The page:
Among SWACS’ collections is this charming embroidery sampler made by ten year old Janet Sharp, a pupil of West Wemyss ‘Dorothy’ Public School.
The design follows a Scottish tradition, with neatly executed alphabet and numerals, the initials of the maker’s family (with those of the deceased sewn in black), and a moral or religious homily.
So who was Janet Sharp and when was it made? The only clue was the name ‘Terras’, and number ‘8902’ pencilled on the backing card.
Fiona Wemyss of Wemyss School of Needlework (est. 1877), searched through the school’s records and found that a Bella Sharp had attended from 1880-1891, and Grace Terras, from 1907-1912. Adding that they must have been good needlewomen to be kept on so long.
Were Bella and Janet Sharp related? How are the Terras family connected?
A long-serving member of SWACS, Nancy Carstairs, is a granddaughter of former East Wemyss builder, Robert Terras. He married Christina Murray, who had two sisters attend the school, Agnes and Isabella. Among the family artefacts is a sampler made by great aunt Isa.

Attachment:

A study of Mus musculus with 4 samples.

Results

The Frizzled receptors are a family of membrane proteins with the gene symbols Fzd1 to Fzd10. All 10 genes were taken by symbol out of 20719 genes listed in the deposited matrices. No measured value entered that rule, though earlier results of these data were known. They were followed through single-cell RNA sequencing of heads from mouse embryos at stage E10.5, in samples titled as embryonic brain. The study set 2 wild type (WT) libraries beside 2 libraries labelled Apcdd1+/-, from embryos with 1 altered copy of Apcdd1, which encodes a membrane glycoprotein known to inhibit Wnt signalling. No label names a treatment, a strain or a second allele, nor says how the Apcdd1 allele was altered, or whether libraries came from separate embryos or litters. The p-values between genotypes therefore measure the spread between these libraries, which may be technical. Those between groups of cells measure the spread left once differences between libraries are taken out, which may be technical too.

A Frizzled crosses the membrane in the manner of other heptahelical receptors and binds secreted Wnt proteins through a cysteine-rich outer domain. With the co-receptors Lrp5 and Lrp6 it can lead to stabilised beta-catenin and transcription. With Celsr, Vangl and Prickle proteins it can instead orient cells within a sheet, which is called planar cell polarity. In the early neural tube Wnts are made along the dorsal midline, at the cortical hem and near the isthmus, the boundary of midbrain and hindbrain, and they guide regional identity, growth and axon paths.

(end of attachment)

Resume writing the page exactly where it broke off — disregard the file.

Janet Sharp’s sampler was copied to Nancy’s sister, Mrs Christine Monaghan, who had researched her family history, and that of their close but unrelated family friend, Janet McKay Sharp (1874-1961). Janet was known as ‘Auntie Jen’, a former pupil at West Wemyss ‘Dorothy’ Public School. That identifies the maker and provides a date of completion of the sampler as 1884.
‘Auntie Jen’, is fondly remembered as “… a cheery lady, with thick, bright white hair worn in a bun”, who always dressed in black. In later life Janet Sharp ran a Sweetie shop and made quilts. In pre nursing registration days both she and her mother had served as community midwives.
You can view the sampler from Sunday, 8 April (2pm – 4:30pm) on SWACS’ first Open Day of the season, and on subsequent Open Days, when you can also sign up for a tour of the famous caves.